Wednesday, April 29, 2015

Peaceful Protests and Rioting in Baltimore

By Craig Hovey

The recent rioting in Baltimore following the death of 25-year-old Freddie Gray from injuries sustained while in police custody has called for a return to “peaceful protests” from various government entities. As someone committed to nonviolence, I might be heartened to hear authorities suddenly embrace the language of peace. But there are some reasons to be wary of how this language is being used.
  1. When authorities call for peaceful protests, it is because security achieved and maintained through violence is under threat. Dietrich Bonhoeffer was right to distinguish peace from security. Security, at least in the short term, might be achieved through violence and the threat of violence. The security that has been achieved this way is likewise vulnerable to being upset by violence. In a speech delivered in Denmark in 1934, Bonhoeffer declared that “There is no way to peace along the way of safety. For peace must be dared. It is the great venture. It can never be safe. Peace is the opposite of security.” When peaceful protest flows from a belief that peace and justice are the deep grammar of things, or the arc of the moral universe, or God’s will, then protest isn’t restraining itself in the name of security. 
  2. Why does the media seem more reticent in their condemnation of police violence compared to their condemnation of the violence of rioters? Check out the double standard in Wolf Blitzer’s interview with organizer Deray McKesson [video featured above]. Calling for peaceful protests amounts to a double standard if wrongful police violence isn’t also condemned with the same moral intensity and sincerity as are riots.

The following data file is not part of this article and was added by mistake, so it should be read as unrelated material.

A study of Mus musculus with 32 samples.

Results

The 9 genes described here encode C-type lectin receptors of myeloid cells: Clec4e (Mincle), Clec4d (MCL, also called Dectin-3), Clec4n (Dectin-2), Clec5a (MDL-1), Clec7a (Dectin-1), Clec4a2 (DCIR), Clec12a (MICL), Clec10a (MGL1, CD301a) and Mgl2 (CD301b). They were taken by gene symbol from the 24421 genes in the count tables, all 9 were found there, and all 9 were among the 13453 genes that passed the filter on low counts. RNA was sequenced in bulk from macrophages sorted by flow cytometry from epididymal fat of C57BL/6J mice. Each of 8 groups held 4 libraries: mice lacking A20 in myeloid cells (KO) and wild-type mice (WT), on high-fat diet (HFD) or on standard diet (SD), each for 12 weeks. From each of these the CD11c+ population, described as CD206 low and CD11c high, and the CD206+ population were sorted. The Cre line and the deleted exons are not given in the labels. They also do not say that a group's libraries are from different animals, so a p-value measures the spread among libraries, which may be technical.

3. Rioting should be understood and not just written off. It’s true, as President Obama reminded us, that several days of peaceful protests preceded but have been overshadowed by the looting and rioting. The narrative that the President and others are telling is that rioting ought to be ignored and that looting isn’t protesting. Yet Martin Luther King’s remarks are also being cited a lot in recent days: that “a riot is the language of the unheard” and what is unheard now is the same as King described, namely, the plight of African Americans and their need for justice. I understand what Obama means when he says that rioting is “counter-productive;” it threatens to make those already unheard to be even more so. But there might be a reverse: What if America became, as King hoped, “more concerned about justice and humanity” than “tranquility and the status quo”?
  4. Language matters and can be revealing. The word “thug” is being used a lot. Many have pointed out that this word has racist origins and is very often used in a racist way. Despite one’s condemnation of rioting as a form of protest, calling rioters who are deeply frustrated by a lack of racial justice “thugs” takes our language in the wrong direction.

Craig Hovey is executive director of the Ashland Center for Nonviolence.